Draft London Housing Strategy launched by Mayor

A draft London Housing Strategy has recently been launched by the Mayor of London.

Setting out plans to address the housing crisis in the city, the document released by Sadiq Khan also highlights the aim of providing Londoners with access to affordable property.

A key point raised by the Mayor is the urgency of the crisis, with an aim to tackle the problem sooner rather than later.

In addition to detailing his vision for affordable housing access, Khan also highlights the policies which he believes can enable these goals to be reached. A framework is also included in the strategy which elaborates on the timescale and sets out when certain targets are scheduled to be met. One of these is investing £3.15 billion into affordable housing in the city.

The overall plan set out by Khan is said to underpin five key priorities. These are:

  • Building homes for Londoners
  • Delivering homes which are genuinely affordable
  • Creating homes which are of high quality and inclusive neighbourhoods
  • A fairer deal for private renters and leaseholders
  • Addressing homelessness and helping rough sleepers.

Another key issue brought up in the strategy is the fall in the contribution of small sites over the last ten years. Focussing on challenging this, the plans highlight a new ‘Small Sites, Small Builders initiative’ will be launched by the Mayor in order to provide small builders, housing associations and community-led-organisations with support, as well as access to small publicly owned small sites.

Commenting on this was Barry Mortimer. The Director of the Federation of Master Builders (FMB) highlighted the positive impact that a small-site focus could have on the existing housing crisis in London.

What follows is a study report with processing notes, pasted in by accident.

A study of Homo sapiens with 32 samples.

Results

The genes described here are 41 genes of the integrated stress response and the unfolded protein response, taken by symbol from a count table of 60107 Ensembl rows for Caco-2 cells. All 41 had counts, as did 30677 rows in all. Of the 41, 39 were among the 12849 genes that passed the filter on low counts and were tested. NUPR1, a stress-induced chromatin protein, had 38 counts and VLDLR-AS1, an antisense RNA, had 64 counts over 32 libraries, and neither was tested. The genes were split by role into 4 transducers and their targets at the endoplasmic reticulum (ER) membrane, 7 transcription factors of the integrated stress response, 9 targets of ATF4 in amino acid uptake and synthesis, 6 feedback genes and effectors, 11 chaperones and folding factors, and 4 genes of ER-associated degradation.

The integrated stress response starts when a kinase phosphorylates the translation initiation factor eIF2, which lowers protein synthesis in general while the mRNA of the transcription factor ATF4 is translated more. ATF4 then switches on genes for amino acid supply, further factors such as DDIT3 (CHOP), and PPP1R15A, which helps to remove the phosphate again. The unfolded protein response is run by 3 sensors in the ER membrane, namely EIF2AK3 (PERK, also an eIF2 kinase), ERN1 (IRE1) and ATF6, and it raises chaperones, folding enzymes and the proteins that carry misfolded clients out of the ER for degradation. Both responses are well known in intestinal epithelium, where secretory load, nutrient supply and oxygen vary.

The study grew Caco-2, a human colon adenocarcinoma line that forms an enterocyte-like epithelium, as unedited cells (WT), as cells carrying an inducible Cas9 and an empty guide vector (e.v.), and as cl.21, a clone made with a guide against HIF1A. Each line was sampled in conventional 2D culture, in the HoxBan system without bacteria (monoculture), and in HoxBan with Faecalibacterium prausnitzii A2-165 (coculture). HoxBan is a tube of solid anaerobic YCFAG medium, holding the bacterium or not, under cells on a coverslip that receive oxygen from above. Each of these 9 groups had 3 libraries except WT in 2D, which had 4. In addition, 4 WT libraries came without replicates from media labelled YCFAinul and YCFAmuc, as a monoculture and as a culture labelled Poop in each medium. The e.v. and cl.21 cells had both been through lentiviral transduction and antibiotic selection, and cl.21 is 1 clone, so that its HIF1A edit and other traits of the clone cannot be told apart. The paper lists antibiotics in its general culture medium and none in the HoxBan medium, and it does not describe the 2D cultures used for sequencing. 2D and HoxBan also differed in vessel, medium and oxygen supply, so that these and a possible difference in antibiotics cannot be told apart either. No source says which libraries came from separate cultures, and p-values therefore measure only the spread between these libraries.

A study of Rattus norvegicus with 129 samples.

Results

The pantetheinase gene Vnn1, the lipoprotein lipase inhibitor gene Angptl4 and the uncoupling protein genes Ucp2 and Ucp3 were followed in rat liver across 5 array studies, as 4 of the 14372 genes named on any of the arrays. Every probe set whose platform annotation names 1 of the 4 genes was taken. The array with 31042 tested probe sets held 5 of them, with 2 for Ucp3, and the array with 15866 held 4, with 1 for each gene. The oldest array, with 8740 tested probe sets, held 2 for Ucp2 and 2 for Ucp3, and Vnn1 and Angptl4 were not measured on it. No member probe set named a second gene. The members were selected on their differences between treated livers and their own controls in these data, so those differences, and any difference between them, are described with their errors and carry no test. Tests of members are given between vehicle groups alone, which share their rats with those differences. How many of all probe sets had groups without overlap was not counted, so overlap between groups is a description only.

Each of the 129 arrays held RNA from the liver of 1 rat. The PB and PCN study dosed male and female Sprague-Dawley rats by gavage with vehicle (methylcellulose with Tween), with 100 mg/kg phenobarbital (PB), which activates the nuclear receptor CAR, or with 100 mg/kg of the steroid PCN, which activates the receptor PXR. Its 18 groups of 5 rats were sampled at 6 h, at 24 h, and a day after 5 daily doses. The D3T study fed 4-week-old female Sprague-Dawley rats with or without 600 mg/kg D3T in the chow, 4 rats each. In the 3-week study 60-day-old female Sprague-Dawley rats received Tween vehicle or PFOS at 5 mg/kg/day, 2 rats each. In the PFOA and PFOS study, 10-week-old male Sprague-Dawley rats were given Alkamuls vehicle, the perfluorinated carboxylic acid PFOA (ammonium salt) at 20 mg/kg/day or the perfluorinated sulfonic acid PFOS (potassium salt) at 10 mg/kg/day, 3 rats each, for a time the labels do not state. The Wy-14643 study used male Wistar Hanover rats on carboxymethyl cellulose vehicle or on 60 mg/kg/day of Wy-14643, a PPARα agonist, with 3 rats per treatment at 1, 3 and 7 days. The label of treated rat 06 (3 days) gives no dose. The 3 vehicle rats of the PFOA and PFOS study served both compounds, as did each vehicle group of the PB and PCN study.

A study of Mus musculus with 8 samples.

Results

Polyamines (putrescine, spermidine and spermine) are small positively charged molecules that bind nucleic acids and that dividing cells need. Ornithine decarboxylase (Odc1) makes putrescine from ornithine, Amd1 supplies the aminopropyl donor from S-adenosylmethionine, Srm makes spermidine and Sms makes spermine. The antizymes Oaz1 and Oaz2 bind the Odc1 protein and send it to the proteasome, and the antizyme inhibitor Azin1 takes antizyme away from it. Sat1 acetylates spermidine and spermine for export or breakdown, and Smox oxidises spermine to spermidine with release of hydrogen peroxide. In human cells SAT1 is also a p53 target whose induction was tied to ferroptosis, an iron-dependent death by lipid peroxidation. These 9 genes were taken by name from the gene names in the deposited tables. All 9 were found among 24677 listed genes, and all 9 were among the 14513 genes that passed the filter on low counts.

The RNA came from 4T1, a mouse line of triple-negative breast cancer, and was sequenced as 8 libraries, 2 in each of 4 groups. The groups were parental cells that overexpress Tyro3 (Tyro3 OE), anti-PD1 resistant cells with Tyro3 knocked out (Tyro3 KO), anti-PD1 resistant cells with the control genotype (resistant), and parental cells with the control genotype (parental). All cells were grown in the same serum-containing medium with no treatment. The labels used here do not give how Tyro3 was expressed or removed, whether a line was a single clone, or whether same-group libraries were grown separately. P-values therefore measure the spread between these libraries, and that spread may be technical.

“If we’re to build the number of new homes Londoners need, we must urgently make much better use of the many existing small sites that are dotted all over London. In doing so, we will the strengthen the capacity of SME house builders to build more new homes and perhaps even attract some new SME firms into the market. FMB research has consistently shown that a lack of available and viable land is the main factor stunting the ability of small builders to deliver more homes. Indeed, over half of SME house builders believe that the number of small site opportunities is, if anything, decreasing.”

Mortimer added: “We therefore welcome strongly the Strategy’s proposal for a presumption in favour of appropriate residential development on small sites, which goes further than proposed changes to national policy as laid out in the Government’s Housing White Paper. The ‘Small Sites, Small Builders’ programme will also link up public land owners with small builders, which could make accessing public land easier for small firms. We also welcome moves which will mean that less of the Community Infrastructure Levy is payable upfront on small sites. This will really help with cash flow for smaller builders and make the economics of small scale development slightly easier.”

Mortimer concluded: “The London Housing Strategy therefore marks a step forward in empowering smaller house builders in London. In order to reach the 50,000 new homes London needs to build each year, this renewed emphasis on small sites is vital. However, all such progress could be undermined if the Mayor fails to protect small sites from onerous levels of developer contributions. National planning guidance states that planning obligations should not be sought from developments of ten units or fewer, but implementation of this policy in London is patchy at best. Unless the Mayor, and London Boroughs, recognise the need to minimise burdens on the very smallest developments, SME builders will continue to struggle to enter the market.”